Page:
Who is Paul Nakasone, OpenAI’s newest board member?



Nakasone will also join the OpenAI Board’s Safety and Security Committee, a new group that it says is “responsible for making recommendations to the full Board on critical safety and security decisions for all OpenAI projects and operations.”

Here’s what to know about Nakasone:

Nakasone was a career Army officer

His interest in the digital age was sparked in the post-9/11 era, according to a 2020 profile in Wired. He served in both command and staff positions across all levels of the Army with assignments with cyber units in the U.S., Korea, Iraq, and Afghanistan.

He was a Trump appointee

Former President Donald Trump in 2018 tapped Nakasone to lead the National Security Agency and U.S. Cyber Command. He came into the role as morale at the NSA was reportedly suffering amid a series of leaks regarding the agency’s secret hacking tools.

Much of Nakasone’s time spent leading Cyber Command involved countering foreign efforts to meddle in American elections. Nakasone created a so-called Russia Small Group, consisting of experts within Cyber Command and the NSA, to home in on Russia’s attempts to interfere in elections.

He ended up as the longest serving leader of the U.S. Army Cyber Command. Gen. Timothy Haugh took the lead in February.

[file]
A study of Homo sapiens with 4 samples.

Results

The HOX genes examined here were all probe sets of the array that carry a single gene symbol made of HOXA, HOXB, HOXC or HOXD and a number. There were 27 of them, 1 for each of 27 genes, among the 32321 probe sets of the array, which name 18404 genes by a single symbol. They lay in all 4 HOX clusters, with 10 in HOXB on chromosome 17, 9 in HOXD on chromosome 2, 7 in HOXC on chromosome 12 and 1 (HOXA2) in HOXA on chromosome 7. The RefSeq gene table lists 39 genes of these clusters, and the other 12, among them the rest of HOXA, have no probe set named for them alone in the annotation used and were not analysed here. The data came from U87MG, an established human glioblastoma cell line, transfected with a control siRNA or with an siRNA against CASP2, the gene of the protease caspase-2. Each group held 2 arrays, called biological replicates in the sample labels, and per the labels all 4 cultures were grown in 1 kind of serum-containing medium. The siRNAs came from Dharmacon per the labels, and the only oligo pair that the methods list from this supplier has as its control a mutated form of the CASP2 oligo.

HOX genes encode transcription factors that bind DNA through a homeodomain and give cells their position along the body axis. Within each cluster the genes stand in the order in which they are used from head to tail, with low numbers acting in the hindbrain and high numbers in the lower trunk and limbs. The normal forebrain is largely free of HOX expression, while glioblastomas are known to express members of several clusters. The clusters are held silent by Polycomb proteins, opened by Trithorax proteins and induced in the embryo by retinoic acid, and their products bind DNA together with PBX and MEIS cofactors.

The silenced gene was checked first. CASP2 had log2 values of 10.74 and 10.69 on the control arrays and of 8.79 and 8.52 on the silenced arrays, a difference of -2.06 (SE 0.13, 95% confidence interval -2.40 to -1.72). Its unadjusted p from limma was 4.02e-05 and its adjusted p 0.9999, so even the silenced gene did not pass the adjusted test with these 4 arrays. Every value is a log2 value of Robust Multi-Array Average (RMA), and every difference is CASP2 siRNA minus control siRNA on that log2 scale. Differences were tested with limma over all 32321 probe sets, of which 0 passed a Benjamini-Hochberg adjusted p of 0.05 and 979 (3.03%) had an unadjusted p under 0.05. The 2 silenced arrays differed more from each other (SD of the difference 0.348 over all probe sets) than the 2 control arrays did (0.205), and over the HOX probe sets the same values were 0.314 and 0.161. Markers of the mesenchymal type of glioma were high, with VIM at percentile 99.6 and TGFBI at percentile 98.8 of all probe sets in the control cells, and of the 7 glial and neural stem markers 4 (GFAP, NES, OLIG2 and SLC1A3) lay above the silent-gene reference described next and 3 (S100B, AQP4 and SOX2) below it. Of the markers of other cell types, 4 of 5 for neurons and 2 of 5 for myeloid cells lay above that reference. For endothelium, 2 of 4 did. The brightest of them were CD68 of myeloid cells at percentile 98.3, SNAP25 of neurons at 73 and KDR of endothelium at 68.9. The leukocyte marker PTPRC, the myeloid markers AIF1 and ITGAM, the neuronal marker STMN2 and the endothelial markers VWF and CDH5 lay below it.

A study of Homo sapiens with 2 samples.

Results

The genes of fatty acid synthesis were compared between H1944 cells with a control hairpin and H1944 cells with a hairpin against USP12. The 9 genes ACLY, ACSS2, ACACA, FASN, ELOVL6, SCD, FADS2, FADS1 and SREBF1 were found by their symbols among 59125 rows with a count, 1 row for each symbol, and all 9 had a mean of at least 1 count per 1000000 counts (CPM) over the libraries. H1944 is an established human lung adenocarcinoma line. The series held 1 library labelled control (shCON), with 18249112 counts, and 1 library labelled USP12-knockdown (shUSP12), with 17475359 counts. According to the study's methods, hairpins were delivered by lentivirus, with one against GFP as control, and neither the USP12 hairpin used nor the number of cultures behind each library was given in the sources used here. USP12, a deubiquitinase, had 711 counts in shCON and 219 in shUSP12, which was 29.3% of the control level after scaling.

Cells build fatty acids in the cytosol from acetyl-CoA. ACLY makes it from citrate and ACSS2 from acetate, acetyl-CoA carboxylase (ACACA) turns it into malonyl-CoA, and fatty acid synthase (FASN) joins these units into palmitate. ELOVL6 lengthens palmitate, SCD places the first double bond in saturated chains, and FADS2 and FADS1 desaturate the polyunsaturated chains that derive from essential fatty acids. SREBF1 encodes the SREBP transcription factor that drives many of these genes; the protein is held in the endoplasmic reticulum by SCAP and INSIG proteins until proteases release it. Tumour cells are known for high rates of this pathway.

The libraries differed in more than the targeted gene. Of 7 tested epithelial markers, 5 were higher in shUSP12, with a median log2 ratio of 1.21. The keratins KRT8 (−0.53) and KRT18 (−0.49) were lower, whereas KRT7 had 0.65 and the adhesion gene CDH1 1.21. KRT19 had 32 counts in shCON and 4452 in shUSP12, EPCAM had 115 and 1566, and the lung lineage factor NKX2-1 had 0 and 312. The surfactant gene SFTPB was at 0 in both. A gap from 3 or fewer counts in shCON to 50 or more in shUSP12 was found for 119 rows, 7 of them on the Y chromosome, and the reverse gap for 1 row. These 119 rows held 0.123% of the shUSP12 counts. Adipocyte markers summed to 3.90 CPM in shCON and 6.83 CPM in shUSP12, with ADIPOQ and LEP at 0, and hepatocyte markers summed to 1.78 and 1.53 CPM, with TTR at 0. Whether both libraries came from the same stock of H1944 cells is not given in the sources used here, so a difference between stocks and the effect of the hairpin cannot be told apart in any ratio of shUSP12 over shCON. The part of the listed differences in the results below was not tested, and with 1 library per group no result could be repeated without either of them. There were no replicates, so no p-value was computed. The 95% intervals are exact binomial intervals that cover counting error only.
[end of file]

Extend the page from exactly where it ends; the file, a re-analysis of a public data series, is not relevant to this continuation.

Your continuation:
He’s well-respected in D.C.

Nakasone has long been widely responded throughout the cybersecurity and military communities. There’s nobody in the security community, broadly, that’s more respected,” Sen. Mark Warner (D-Va.) told Axios.

That Washington experience will likely be tremendously beneficial to OpenAI as the company works to build public trust over its ability to safely build toward a goal of super intelligence.

Nakasone also arrives at a time when OpenAI is under heightened scrutiny over its artificial intelligence systems and the safeguards in place. That concern was amplified recently, after a handful of current and former employees signed a public letter warning that the technology poses risks to humanity. “AI companies have strong financial incentives to avoid effective oversight,” the letter reads, “and we do not believe bespoke structures of corporate governance are sufficient to change this.”

Cofounder Ilya Sutskever, who helped lead a safety team that worked to ensure artificial general intelligence didn’t turn on humans, left the company in May. Jan Leike, the team’s other leader, also quit and shared a lengthy thread on X that criticized the company and leadership.

“Artificial Intelligence has the potential to have huge positive impacts on people’s lives, but it can only meet this potential if these innovations are securely built and deployed,“ OpenAI Board Chair Bret Taylor said in a statement. “General Nakasone’s unparalleled experience in areas like cybersecurity will help guide OpenAI in achieving its mission of ensuring artificial general intelligence benefits all of humanity.”